He never talked intelligibly; he uttered sounds but not words. He remained sitting in one place and never moved from that place. In his village people had known him for sixty years. There were old people who knew that when they were very young this man had come, and since that time he had been sitting on a cot in the porch of the house of the landlord, the richest man in the village. He had not moved from the cot, and for sixty years all that they had heard from him was his bell.
I went many times to see him, at different times, to figure him out. He used to drink tea continually; that was almost his only food. He would drink half the cup and then offer the other half to anybody who was there to see him. This was thought to be prasad, a gift, and people enjoyed this gift because it was very rare. Hundreds of people were seeing him every day; only to a few people would he offer the cup. But always first he would drink from the cup itself, then the remaining he would offer. But people thought he was enlightened, so something that he had tasted was blessed.
The more I watched the man, the more I was convinced that he was simply mad; and not totally mad either, because his madness had a certain consistency. It was not without any purpose that he was ringing his bell; it was always to attract the attention of people. Slowly people started understanding that he needed something, perhaps a cup of tea – that was the most needed thing – so immediately they would bring tea.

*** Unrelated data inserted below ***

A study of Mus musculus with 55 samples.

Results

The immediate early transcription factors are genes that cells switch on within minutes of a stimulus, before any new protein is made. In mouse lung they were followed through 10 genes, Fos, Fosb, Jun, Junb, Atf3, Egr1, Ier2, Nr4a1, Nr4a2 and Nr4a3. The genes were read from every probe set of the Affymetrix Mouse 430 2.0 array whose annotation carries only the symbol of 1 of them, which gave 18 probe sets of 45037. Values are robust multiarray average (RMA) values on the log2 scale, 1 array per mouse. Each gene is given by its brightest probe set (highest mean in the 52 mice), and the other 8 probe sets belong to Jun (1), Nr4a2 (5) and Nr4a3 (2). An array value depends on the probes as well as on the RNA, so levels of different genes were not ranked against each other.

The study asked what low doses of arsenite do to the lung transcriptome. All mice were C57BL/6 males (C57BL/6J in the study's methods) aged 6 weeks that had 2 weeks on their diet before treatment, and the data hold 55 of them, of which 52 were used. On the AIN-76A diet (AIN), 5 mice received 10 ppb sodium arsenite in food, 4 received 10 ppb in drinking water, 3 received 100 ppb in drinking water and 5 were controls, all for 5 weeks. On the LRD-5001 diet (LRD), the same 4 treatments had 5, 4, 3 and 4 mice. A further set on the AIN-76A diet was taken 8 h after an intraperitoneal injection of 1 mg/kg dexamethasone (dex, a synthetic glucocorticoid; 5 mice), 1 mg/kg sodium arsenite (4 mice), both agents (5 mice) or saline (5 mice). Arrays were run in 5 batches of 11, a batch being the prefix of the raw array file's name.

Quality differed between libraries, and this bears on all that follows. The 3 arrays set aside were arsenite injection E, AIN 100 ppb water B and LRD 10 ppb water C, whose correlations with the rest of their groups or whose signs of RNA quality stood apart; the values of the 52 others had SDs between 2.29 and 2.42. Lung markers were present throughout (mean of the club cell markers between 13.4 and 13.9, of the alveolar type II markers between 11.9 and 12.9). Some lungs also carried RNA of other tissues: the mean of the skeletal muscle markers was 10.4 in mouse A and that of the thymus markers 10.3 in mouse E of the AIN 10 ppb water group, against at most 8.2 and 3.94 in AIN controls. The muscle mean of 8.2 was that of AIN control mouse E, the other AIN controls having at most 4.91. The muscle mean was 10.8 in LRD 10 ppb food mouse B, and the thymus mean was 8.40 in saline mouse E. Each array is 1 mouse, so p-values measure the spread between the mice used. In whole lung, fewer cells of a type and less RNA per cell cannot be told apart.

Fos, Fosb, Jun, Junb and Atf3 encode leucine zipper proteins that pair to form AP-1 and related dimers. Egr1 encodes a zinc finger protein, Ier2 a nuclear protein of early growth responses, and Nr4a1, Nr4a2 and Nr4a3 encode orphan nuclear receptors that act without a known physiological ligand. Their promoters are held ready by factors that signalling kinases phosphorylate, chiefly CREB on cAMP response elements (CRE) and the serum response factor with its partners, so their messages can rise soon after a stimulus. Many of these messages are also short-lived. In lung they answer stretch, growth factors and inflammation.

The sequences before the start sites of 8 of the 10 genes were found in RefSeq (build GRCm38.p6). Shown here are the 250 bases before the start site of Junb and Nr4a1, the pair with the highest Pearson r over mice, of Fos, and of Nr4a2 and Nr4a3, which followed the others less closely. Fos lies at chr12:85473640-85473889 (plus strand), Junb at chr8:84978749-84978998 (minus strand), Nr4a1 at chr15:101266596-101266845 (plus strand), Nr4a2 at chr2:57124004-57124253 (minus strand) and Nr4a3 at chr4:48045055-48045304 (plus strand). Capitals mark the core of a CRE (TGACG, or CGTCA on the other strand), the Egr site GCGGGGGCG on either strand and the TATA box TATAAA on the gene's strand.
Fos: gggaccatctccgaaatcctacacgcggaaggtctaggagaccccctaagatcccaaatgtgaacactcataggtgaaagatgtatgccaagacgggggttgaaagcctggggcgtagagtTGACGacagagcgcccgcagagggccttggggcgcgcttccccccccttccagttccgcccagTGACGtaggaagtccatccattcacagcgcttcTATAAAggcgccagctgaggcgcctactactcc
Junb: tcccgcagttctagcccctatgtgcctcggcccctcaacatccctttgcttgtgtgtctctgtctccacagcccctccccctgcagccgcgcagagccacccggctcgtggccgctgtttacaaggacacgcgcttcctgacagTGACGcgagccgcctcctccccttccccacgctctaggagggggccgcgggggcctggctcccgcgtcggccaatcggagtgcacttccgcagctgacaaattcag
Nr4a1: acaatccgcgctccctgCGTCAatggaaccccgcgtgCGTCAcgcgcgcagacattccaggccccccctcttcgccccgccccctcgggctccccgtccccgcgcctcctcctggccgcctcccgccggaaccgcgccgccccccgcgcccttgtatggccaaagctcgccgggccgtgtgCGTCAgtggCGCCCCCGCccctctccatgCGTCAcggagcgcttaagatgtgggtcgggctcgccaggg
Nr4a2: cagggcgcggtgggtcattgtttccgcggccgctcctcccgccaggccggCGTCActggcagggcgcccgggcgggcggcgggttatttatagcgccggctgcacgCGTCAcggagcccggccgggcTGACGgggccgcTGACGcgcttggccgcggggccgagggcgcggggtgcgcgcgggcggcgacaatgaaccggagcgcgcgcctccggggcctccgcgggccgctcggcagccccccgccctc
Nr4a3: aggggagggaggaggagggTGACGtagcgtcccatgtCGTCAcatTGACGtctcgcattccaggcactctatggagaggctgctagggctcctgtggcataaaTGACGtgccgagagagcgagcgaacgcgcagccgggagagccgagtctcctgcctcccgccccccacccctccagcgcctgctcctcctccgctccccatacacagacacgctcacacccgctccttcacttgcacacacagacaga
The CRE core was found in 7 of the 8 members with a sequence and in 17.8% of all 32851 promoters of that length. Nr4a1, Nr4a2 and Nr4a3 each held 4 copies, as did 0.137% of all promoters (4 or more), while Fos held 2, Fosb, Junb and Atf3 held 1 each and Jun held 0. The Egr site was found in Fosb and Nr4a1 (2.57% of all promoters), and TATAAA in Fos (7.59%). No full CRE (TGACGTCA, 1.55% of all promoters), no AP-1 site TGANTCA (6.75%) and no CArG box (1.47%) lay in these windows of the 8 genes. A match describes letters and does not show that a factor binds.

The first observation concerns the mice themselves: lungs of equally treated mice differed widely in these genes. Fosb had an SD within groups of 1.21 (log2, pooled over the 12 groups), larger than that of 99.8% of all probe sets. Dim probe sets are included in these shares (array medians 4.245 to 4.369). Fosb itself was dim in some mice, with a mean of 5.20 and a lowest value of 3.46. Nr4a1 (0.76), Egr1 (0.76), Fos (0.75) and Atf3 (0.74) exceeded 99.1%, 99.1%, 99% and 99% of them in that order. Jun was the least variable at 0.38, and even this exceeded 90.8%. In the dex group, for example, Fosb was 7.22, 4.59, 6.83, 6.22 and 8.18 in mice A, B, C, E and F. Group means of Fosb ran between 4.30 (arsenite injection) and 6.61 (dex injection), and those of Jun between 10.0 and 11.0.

Those who had been serving him for years had even started understanding the language of his bell: how many times he rings when he wants tea; how many times he rings when he wants the crowd to leave him alone, how many times when he wants people to be allowed to see him, how many times when he wants to go to sleep. It was a language, a code language, that his disciples who lived with him knew.
Now this man was not totally mad, although certainly a little insane. And as I watched him I found that he was half-paralyzed too, because when I saw him sipping the tea it was always from one side of his mouth; the other side never moved. One day, when he was alone, I took his bell from his hand and put it in his other hand. The bell fell, because the other hand was paralyzed. Now it was clear why he was not moving from the cot; it was nothing to do with any austerity.
People thought that it was some ascetic practice; perhaps he had taken a vow that he would remain sitting in the same posture for so many years, or his whole life. But it was simply that he was paralyzed. In fact, that seems to be the clear reason why he was not able to utter intelligible sounds: half of his mouth was paralyzed. With half of your mouth you can make sounds, but to make words is very difficult, almost impossible. You may try but the other will only hear some unintelligible gibberish.